Fewer Cuban rafts trying to reach US soil along the Florida coast

KEY WEST, Fla. (AP) — The U.S. Coast Guard says Cuban migrants are less likely to use homemade rafts to try to reach Florida since the end of a policy granting residency to Cubans arriving on American soil.

Lt. j.g. Kate Webb of Coast Guard Sector Key West said overall interdictions have dropped from as many as 25 a day to about 20 per month since President Barack Obama ended the “wet foot, dry foot” policy Jan. 12.

Webb said Tuesday that up to 70 percent of interdictions now involve go-fast boats, not the rustic vessels called “chugs.” The speedboats are towed to shore for law enforcement investigations.

Capt. Jeffrey Janszen told The Citizen (http://bit.ly/2oGSOt3 ) that migrants pay up to $10,000 each to cross aboard go-fast boats, compared with several hundred dollars in a chug.


MORE FLORIDA NEWS

2 killed in crash while using emergency lane to pass

NAPLES, Fla. (AP) — Authorities say a crash killed two men who were using the emergency lane to pass traffic on Interstate 75 in southwest Florida.

The Naples Daily News (https://goo.gl/eTxbZM) reports that the crash occurred Sunday night.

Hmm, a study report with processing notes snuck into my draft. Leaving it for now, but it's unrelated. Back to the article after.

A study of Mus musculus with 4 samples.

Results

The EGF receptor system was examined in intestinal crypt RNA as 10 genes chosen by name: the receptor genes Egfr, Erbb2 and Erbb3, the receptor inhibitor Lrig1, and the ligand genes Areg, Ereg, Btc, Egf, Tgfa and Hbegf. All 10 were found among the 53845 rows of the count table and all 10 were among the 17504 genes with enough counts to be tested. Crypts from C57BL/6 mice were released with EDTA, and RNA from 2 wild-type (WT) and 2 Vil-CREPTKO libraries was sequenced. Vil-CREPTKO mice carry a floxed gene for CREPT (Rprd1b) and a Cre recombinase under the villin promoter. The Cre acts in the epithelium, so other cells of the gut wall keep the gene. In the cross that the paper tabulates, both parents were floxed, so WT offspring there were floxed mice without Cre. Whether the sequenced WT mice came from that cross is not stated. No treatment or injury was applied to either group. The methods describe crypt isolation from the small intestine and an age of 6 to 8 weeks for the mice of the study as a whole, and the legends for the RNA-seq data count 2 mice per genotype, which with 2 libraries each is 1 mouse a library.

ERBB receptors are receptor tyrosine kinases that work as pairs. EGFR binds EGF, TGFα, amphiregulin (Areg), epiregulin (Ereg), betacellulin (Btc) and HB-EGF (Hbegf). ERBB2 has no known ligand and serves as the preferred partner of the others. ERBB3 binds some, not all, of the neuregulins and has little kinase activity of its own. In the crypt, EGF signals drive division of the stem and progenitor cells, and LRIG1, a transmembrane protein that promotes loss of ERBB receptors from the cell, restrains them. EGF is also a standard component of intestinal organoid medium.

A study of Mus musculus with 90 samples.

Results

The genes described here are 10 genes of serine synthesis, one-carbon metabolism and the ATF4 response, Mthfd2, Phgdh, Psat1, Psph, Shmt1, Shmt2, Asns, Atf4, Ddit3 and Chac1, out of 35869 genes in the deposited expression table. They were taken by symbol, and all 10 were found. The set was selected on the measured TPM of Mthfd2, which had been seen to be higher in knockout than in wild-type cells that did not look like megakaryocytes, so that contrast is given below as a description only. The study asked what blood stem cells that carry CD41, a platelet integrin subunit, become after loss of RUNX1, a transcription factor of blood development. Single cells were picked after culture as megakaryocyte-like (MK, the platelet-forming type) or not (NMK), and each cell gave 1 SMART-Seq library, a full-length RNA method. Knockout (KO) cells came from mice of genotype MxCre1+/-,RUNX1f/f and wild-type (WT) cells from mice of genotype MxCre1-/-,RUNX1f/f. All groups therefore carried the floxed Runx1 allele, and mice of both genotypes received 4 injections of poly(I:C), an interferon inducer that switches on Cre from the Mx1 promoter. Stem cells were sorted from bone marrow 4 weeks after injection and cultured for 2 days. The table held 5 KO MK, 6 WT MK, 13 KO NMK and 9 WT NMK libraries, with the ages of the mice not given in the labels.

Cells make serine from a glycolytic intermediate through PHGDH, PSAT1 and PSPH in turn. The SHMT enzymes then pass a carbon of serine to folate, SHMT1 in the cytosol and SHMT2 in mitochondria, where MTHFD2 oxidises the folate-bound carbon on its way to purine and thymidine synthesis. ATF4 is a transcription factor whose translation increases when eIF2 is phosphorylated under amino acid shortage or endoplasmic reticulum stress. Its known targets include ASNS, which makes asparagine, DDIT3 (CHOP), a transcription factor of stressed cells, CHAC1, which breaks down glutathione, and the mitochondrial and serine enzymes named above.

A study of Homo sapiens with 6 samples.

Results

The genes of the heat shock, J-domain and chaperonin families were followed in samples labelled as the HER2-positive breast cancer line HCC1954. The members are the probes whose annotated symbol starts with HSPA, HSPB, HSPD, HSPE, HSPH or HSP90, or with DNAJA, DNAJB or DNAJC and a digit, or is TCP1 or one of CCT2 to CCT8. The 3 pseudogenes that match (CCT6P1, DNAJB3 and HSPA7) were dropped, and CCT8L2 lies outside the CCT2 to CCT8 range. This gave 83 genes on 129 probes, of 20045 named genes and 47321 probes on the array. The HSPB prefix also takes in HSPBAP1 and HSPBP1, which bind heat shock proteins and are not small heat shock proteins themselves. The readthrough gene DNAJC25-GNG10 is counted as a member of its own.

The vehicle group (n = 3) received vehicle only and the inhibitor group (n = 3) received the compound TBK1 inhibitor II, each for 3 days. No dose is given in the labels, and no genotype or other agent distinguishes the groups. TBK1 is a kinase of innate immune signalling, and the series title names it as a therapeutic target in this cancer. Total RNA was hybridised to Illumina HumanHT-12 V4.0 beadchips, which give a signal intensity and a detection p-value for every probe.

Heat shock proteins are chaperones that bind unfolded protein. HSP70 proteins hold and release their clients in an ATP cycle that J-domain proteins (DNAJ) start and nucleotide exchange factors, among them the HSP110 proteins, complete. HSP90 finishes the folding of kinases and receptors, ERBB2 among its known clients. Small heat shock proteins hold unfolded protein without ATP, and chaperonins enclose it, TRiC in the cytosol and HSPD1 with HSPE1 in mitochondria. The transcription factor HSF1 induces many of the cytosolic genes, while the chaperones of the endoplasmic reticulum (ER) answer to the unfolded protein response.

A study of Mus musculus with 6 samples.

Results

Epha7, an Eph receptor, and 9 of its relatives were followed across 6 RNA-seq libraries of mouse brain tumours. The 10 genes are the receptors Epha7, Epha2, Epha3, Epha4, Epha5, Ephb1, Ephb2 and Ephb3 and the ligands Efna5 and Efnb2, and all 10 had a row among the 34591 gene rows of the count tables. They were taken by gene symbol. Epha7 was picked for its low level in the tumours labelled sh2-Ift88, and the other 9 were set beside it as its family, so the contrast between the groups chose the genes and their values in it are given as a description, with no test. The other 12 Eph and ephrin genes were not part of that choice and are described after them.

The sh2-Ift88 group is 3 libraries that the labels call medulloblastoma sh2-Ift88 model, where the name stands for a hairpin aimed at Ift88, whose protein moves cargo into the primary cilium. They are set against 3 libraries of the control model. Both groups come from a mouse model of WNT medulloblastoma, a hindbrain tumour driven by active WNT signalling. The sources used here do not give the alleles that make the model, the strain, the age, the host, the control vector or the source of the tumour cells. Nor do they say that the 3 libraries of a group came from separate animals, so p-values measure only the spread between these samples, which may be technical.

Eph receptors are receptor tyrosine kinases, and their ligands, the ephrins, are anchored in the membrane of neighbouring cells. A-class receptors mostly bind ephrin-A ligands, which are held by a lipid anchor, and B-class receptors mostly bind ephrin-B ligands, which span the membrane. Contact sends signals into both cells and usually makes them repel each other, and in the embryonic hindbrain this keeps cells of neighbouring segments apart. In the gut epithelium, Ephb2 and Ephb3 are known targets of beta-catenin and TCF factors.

Florida Highway Patrol says a box truck had been parked on the outside shoulder of I-75, and 20-year-old Joel Diaz Lemus crashed into it. Lemus and his passenger, 21-year-old Daniel Ramirez Ortiz, died at the scene.

The box truck was not occupied at the time of the crash.


Growing wildfire in Okefenokee refuge exceeds 90 sq. miles

FOLKSTON, Ga. (AP) — Officials say a wildfire on public lands near the Georgia-Florida state line has burned more than 90 square miles (233 sq. kilometers) as winds spread the flames through dry areas of the Okefenokee Swamp.

A news release by the firefighting command team said the overall area of the blaze grew more than 22 percent between Monday and Tuesday. So far, nearly all of the burned acreage has been confined to the Okefenokee National Wildlife Refuge in southeast Georgia and the neighboring Osceola National Forest and John M. Bethea State Forest in Florida.

The National Weather Service said Tuesday that winds were pushing smoke and falling ash into communities a few miles east of the Okefenokee refuge including Folkston, Georgia, and Hilliard, Florida.